Beginning February, and ending on March 3rd with Girl’s day, is Hinamatsuri – the Japanese Doll Festival. Japanese homes throughout Japan display elaborate dolls on red carpets depicting the Emperor, Empress and Court Attendants from the Heian period. Unlike the Chistmas tree which some Westerners enjoy dried and brittle in the family room for months past the yule tide season, leaving the hinaningyo up past March 4th brings a late marriage for the potential brides to be in the family. Ouch.
Having heard of this festival before I envisioned two, maybe three, Barbie-ish Japanese models propped stiffly in the foyer, arms reaching, unbending, to incoming visitors wearing nightgown versions of kimono. When I stumbled upon these at the Neiman Marcus of Japan- Mitshukoshi- I had to snap fast before the polite sales ladies dressed in starched black uniforms oh so politely shooed me away, otherwise I would have gotten close-ups of the various members of the royal household seated in formation according to tier. Little did I know at the time that each doll had a seat assignment, the furniture at the bottom wasn’t thrown in at the last-minute just so Grandma had something to give as a gift every year, and the boxes at the bottom were a part of this display and not random additions of lacquered jewelry boxes with no other place to go.
The dolls are placed in front of a screen, on a red carpet. A complete set includes vases, silk lanterns, and peach plants. Each doll goes in a specific place on the 7- layered platform. Emperor and Empress on the first platform. Second Platform contains ladies of court- usually serving sake. The third tier is for musicians. The fourth are for the two ministers- always the older on the left. The fifth platform- contains plants and samurai- who are also portrayed as the maudlin, merry and cantankerous drinkers. (Wikipedia’s words- not mine. But I do like them) The sixth platform has items used inside the palatial residence while the seventh contains items used while traveling. Apparently children were not to be seen or heard in the time of the Heian.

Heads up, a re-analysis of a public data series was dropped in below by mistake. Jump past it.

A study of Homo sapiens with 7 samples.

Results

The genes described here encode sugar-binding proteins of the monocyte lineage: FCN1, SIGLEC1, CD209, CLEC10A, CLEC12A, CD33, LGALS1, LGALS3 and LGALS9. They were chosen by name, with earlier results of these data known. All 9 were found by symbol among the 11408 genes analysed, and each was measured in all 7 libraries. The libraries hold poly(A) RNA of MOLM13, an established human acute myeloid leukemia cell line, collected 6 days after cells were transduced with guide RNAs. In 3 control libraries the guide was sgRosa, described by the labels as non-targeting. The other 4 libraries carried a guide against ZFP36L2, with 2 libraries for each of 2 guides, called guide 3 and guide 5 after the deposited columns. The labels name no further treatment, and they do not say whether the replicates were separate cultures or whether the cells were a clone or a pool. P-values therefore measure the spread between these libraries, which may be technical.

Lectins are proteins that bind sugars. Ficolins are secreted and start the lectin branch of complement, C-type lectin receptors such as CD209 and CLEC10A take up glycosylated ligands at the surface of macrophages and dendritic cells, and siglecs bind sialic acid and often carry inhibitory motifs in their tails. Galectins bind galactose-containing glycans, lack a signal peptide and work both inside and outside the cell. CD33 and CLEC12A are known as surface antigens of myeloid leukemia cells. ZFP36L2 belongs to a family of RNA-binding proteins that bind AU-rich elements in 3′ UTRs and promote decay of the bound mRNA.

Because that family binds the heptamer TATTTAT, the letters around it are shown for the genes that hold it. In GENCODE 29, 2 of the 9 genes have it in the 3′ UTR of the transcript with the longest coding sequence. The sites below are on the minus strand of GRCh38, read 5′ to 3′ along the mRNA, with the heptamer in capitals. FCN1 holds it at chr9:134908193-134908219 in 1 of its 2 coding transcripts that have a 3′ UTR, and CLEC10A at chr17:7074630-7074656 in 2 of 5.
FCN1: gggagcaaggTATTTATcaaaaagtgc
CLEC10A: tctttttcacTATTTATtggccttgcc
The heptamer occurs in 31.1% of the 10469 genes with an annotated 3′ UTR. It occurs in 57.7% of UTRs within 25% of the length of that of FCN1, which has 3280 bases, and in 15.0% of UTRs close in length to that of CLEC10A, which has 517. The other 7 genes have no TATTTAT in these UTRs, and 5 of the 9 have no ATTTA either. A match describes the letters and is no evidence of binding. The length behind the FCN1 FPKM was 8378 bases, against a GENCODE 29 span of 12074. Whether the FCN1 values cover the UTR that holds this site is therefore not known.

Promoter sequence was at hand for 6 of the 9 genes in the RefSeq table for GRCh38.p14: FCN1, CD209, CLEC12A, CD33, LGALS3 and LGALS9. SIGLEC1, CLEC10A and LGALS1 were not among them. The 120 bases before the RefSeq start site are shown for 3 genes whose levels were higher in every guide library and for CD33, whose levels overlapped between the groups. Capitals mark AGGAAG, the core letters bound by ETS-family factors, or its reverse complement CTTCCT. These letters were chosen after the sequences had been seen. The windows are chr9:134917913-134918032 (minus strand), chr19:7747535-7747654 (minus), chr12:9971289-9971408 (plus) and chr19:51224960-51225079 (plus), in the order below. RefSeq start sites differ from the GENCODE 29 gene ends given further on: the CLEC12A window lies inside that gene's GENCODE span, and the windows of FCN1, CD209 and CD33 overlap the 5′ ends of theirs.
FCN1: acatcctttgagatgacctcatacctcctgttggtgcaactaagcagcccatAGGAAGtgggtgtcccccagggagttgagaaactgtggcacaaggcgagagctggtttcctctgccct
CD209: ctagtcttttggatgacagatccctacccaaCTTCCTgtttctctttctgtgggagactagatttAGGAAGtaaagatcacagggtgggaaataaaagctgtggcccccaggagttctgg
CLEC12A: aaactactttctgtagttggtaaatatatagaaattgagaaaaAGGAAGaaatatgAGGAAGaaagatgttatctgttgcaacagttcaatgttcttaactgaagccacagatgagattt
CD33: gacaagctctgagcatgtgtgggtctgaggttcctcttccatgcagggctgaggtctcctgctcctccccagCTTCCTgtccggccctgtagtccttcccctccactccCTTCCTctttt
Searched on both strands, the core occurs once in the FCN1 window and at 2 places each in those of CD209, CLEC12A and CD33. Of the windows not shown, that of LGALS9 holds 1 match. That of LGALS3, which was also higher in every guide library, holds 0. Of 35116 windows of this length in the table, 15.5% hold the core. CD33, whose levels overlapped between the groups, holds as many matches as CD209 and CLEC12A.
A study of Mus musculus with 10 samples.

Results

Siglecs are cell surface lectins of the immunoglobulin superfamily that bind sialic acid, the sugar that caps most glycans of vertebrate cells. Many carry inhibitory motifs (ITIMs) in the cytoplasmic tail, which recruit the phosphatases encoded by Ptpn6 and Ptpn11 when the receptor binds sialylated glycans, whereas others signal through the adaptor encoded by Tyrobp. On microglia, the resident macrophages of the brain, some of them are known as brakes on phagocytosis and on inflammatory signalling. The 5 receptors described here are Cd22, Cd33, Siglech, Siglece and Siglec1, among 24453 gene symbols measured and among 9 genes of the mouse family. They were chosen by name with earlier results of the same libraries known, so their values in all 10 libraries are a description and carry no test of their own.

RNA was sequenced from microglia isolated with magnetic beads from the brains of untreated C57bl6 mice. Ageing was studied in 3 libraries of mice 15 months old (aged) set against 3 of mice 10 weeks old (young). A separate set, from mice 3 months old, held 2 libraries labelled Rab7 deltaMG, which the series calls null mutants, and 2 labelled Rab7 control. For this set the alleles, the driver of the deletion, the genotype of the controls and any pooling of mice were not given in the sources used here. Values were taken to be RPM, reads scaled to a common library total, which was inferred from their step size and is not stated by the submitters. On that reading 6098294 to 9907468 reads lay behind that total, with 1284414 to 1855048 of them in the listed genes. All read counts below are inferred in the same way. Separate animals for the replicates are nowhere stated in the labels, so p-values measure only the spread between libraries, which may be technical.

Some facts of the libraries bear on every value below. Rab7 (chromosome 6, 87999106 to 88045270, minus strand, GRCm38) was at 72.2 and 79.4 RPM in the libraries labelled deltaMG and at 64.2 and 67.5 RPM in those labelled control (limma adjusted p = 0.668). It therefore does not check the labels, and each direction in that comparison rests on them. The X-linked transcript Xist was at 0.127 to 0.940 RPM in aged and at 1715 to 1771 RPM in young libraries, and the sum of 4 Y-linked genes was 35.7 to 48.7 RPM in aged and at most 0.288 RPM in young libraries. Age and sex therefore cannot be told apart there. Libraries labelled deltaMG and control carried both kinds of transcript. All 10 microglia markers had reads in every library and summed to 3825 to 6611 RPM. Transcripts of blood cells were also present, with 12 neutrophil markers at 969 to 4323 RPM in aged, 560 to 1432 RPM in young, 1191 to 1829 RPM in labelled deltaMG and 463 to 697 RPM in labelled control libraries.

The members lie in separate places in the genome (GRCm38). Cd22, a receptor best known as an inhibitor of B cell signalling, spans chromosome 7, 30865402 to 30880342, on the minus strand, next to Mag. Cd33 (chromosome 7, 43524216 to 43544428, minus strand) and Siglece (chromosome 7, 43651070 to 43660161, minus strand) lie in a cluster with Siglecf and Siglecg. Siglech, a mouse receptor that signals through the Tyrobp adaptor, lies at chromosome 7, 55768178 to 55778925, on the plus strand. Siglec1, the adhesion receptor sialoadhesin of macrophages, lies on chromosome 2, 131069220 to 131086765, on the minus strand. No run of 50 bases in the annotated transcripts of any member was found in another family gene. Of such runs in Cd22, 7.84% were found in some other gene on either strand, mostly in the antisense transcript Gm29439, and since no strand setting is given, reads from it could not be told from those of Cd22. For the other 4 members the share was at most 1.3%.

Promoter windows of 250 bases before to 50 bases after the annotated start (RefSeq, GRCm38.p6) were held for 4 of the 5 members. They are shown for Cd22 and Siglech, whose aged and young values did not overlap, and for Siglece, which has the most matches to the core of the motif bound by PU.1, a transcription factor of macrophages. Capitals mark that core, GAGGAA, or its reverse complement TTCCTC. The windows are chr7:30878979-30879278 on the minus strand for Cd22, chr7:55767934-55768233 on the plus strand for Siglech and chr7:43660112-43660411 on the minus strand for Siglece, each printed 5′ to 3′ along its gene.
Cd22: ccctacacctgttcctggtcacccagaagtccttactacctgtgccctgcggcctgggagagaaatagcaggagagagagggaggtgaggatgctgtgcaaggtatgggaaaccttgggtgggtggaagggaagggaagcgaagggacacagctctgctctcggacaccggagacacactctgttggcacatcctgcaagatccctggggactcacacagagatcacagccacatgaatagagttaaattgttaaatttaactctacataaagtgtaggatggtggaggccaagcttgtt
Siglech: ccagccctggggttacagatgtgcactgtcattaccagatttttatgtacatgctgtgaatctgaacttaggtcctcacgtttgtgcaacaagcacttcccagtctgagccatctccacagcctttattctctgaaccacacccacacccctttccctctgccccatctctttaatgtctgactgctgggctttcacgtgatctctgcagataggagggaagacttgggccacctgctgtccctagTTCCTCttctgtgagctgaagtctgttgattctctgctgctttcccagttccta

So, let’s meet the Royal Family: The Emperor and Empress. He always has a baton while she holds a fan.
The set below containing the screen, plants, and Emperor and Empress costs about $3,000 US dollars.
Close up of a musician and the older Minister:
The Hinaningyon are passed down through the generations. I’ve found that in many of the celebrations of Japanese culture, bad and evil spirits are cast out in some way. In this celebration, the dolls have the ability to contain bad spirits. In the past, straw replicas of the dolls were set afloat and sent to sea taking bad spirits and troubles along with them. That practice was stopped as they are not as tasty as the sushi they tended to get caught with once out in the open ocean.
And here’s the real thing – Japan does currently have an Emperor and Empress-
His Royal Majesty Emperor Akihito, 125th Direct Lineal Descendant of the Sun Goddess and his wife, Her Royal Majesty Empress Michiko,
A more recent picture:
Spouse has met the Empress- For the life of me I don’t know why he didn’t take pictures with his Iphone- can’t you see it? Holding the phone in front of the two of them while he flashes the peace sign? I don’t know why he didn’t ask one of her security team to snap a few.